Following is a summary of major news and comments in the Hong Kong Economic Journal, the parent publication of EJ Insight, on Friday, Oct. 25:
PBoC ‘positive’ about lifting daily limit on yuan changes for individuals
The People’s Bank of China has reacted positively to a proposed relaxation of the limit on the amount of renminbi Hong Kong individuals can exchange each day, Hong Kong’s Chief Executive Leung Chun-ying said after a meeting with the authority in Beijing on Thursday. Leung said progress has been made over the past week. The meeting has also touched upon issues in relation to renminbi clearing, financing platforms and mutual recognition of funds, said Chan Ka-keung, Secretary for Financial Services and the Treasury. The exchange limit has been seen as a hurdle to the development of Hong Kong’s offshore renminbi businesses as rivals Singapore and London have no such restriction.
Hong Kong mulls importation of more foreign workers
The Hong Kong government is seeking to import more foreign workers to ease labor shortage in the city, especially in the construction and retail sectors, as it launched a four-month consultation on population policy. The government has pledged not to jeopardize the interests of local workers and said the proposed move can increase mobility during peak seasons to give boost to the shrinking workforce temporarily. Labor organizations, however, have objected to the plan. Given a low birth rate and growing number of elderly, the consultation paper projected that the total workforce in the city will drop to 3.51 million people by 2035 from an estimated peak of 3.71 million people in 2018, hardly sustaining an average 4 percent economic growth per year.
ECONOMY AND BUSINESS
Arculli named FWD chairman
FWD Hong Kong, the insurance business arm controlled by Richard Li, chairman of PCCW Ltd. (00008.HK), has appointed Ronald Arculli as its chairman. The former chairman of the Hong Kong Exchanges and Clearing Ltd. (00388.HK) will bring in his expertise in compliance and risk management, assisting the insurer in hiring competent board members and senior executives. The company will expand its business in the city and the Asia region through both organic growth and acquisitions, coupled with innovative information technology on sales and development of new products and services, Arculli said.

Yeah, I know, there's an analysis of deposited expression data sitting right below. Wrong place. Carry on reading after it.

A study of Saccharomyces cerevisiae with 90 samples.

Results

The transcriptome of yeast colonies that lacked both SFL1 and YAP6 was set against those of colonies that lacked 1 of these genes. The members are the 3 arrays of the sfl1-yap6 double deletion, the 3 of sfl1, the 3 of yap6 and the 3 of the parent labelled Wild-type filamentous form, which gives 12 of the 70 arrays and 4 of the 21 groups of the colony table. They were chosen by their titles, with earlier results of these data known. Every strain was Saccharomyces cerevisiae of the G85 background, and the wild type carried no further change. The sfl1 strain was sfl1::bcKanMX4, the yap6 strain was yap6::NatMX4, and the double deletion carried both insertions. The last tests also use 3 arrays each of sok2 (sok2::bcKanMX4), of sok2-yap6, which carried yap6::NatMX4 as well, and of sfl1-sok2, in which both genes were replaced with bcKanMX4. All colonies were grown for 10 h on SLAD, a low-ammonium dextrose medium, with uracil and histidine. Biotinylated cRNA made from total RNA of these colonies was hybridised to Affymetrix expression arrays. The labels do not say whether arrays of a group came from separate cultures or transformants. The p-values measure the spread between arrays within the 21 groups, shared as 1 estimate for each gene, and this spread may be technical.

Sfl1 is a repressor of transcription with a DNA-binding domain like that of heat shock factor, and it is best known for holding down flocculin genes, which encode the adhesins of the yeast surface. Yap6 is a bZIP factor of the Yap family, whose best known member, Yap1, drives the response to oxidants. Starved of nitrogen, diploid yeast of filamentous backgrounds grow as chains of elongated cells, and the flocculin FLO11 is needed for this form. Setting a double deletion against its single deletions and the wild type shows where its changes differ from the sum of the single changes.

HKEx’s Li urges new thoughts to give innovative firms flexibility
Innovative companies deserve consideration for being given special rights when it comes to listing requirements in governance, Charles Li, chief executive of the Hong Kong Exchanges and Clearing Ltd. (00388.HK) wrote on his blog. The comment came after Alibaba Holding Group was looking at listing outside Hong Kong. Li said the city may win a moral victory by maintaining the one-share-one-vote principle, but this will cost in loss of competitiveness as it is not adapting to change fast enough. The key is to find the right balance between the concessions allowed to founders and the strength and effectiveness of the counter-measures available to public shareholders in the event of disagreement or conflict, Li noted.
Anson Chan, Ng Hong-mun join calls for transparency in TV license decision
Former chief secretary Anson Chan and veteran pro-Beijing figure Ng Hong-mun became the latest political heavyweights to join attacks against the government’s refusal to explain further its decision not to grant a free-to-air license to Hong Kong Television Networks. Complaining about the increasing lack of government transparency, Chan urged Executive Council members to demand reopening discussion on the issue. Echoing Chan’s criticism against government opaqueness in decision-making, Ng said the government should reconsider the issuance of more licenses one year after the two new operators have launched their broadcasts.
PCCW plans to spend HK$1.6 billion on new free TV station in first 6 years
PCCW’s Hong Kong Television Entertainment said yesterday that it plans to spend a total of HK1.6 billion on its new free-to-air station in the first six years after launching. Company officials earlier announced a total spending of HK$600 million in the first three years. Of the investment, a sizeable amount will be spent on programs and production, the firm said, adding that it was confident of providing high-quality programs with the strong financial backing of PCCW. The new station already has more than 1,500 media production professionals and staff.
Hong Kong population policy plan lacks long-term, comprehensive vision
The just-released government consultation paper on population policy lacks long-term and comprehensive policy objective as it fails to address the problem of mainland migrants in Hong Kong. Proposed measures such as encouraging women to work and creating an elderly-friendly environment are not the most important issues. The crux of the matter is that Hong Kong still relies heavily on mainland migrants as the major source of new population but the flexibility of policy adjustments in the structure of the new population is low. How to facilitate integration of mainland migrants into the city’s culture and values system is an issue that cannot be avoided.